By Harmeet Shah Singh CNN
  • India's upper house passes bill, now moves to lower house of parliament
  • Bill aimed at reserving one-third of seats for women in federal and state legislatures
  • Women make up just 11 percent of the members of the lower house
  • Half of India's female population cannot read nor write, according to authorities

New Delhi, India (CNN) -- India's upper house of parliament has passed a historic bill aimed at reserving one-third of seats for women in federal and state legislatures.

The legislation -- commonly referred to as the women's reservation bill -- cleared the upper house of parliament on a majority vote Tuesday, but not before the body evicted slogan-shouting lawmakers opposed to the long-pending legislation.

The bill next moves to the lower house of parliament, but no date has been set for lawmakers to take up the issue there.

Tuesday's debate and voting followed a day of drama in the Indian parliament over the legislation, which had been stuck for almost 15 years.

Lawmakers from socialist regional groups disrupted the upper house with noisy protests, forcing adjournment several times, until the members were suspended for the rest of the session.

The bill won passage with overwhelming support from India's governing Congress party, its main opposition of Hindu nationalists and Communists alike.

Political analysts said the small but fierce opposition to the bill is a sign of a duel between the country's regional and national politicians.

"This opposition is about regional politicians trying to preserve their regional monopolies," said Zoya Hasan, a professor of political science at New Delhi's Jawaharlal Nehru University.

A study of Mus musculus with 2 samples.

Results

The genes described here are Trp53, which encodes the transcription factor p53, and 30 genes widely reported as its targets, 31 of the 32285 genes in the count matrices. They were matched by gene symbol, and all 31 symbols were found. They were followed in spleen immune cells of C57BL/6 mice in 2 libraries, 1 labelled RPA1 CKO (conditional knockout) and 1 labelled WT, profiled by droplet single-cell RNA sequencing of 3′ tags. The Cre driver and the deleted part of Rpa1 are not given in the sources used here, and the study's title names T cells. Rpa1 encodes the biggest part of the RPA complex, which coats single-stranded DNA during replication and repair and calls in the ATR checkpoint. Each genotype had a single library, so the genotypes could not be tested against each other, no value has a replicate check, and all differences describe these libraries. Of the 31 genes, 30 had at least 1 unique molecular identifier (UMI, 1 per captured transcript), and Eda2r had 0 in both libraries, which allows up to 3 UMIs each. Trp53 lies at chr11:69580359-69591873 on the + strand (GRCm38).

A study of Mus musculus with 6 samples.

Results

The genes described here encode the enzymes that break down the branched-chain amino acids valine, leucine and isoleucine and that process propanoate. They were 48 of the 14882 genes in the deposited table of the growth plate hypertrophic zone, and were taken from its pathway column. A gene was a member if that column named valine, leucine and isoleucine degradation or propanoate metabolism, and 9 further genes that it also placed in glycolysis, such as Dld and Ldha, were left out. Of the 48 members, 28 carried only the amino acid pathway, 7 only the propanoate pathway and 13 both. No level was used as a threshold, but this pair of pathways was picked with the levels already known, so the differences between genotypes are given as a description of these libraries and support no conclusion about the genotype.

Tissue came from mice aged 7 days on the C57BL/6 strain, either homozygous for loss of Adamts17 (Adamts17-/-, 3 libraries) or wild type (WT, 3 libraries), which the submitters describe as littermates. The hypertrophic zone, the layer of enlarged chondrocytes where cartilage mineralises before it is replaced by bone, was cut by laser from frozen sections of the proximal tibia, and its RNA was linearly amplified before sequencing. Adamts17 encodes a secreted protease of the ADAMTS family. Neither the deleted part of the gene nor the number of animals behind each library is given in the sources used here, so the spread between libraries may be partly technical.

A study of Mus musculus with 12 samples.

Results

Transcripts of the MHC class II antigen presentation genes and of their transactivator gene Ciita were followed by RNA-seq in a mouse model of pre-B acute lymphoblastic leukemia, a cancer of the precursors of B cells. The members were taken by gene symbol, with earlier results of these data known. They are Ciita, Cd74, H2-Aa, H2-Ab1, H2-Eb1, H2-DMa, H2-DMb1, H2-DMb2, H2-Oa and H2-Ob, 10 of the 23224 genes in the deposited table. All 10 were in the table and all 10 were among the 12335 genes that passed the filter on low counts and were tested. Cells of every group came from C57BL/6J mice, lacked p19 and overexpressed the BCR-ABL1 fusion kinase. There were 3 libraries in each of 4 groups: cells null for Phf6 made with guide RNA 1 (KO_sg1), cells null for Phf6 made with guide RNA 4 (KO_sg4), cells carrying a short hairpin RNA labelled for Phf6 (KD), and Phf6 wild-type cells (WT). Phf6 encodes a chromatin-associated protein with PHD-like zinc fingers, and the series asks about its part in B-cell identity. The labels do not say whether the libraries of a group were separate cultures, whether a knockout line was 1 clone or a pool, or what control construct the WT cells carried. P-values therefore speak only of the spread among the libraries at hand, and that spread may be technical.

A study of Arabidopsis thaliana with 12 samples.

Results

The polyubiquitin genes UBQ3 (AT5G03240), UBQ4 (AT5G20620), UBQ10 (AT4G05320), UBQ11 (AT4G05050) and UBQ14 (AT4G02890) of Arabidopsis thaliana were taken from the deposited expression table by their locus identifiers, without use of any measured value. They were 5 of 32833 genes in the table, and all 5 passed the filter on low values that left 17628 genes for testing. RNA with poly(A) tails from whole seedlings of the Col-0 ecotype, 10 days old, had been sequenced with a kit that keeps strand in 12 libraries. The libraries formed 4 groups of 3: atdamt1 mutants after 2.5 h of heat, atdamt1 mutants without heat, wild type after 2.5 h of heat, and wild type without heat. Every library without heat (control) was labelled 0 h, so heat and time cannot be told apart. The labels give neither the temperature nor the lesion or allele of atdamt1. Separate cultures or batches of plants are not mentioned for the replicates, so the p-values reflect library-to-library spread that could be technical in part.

There was no immediate risk to the ruling coalition, but it did lose more than two dozen supporting lawmakers in the lower house with two minority parties pulling out.

"This leaves the government on a razor-thin majority," Hasan said.

The country has a female president, Pratibha Devisingh Patil, who in 2007 became the first woman elected to the post. The leader of the opposition in the lower house, Sushma Swaraj, and the speaker of the lower house, Meira Kumar, are also women, as is Congress leader Sonia Gandhi.

But women make up just 11 percent of the members of the lower house, or the Lok Sabha, of the parliament.

In rural India though, they constitute about 40 percent of all elected heads of village councils.

On Saturday, Indian Prime Minister Manmohan Singh vowed greater female representation in the country's democratic process.

"As we approach the International Women's Day, let me once again reaffirm our government's commitment to all-round social, economic and political empowerment of our women, whatever effort and resources the task might take," he said.

Half of India's female population cannot read or write, authorities say. The south Asian nation of more than 1.1 billion people also has a skewed gender ratio, with 933 women for every 1,000 men.

If the bill is ultimately approved by the lower house, a presidential assent would turn it into law.

India is scheduled to hold its next general election in 2014.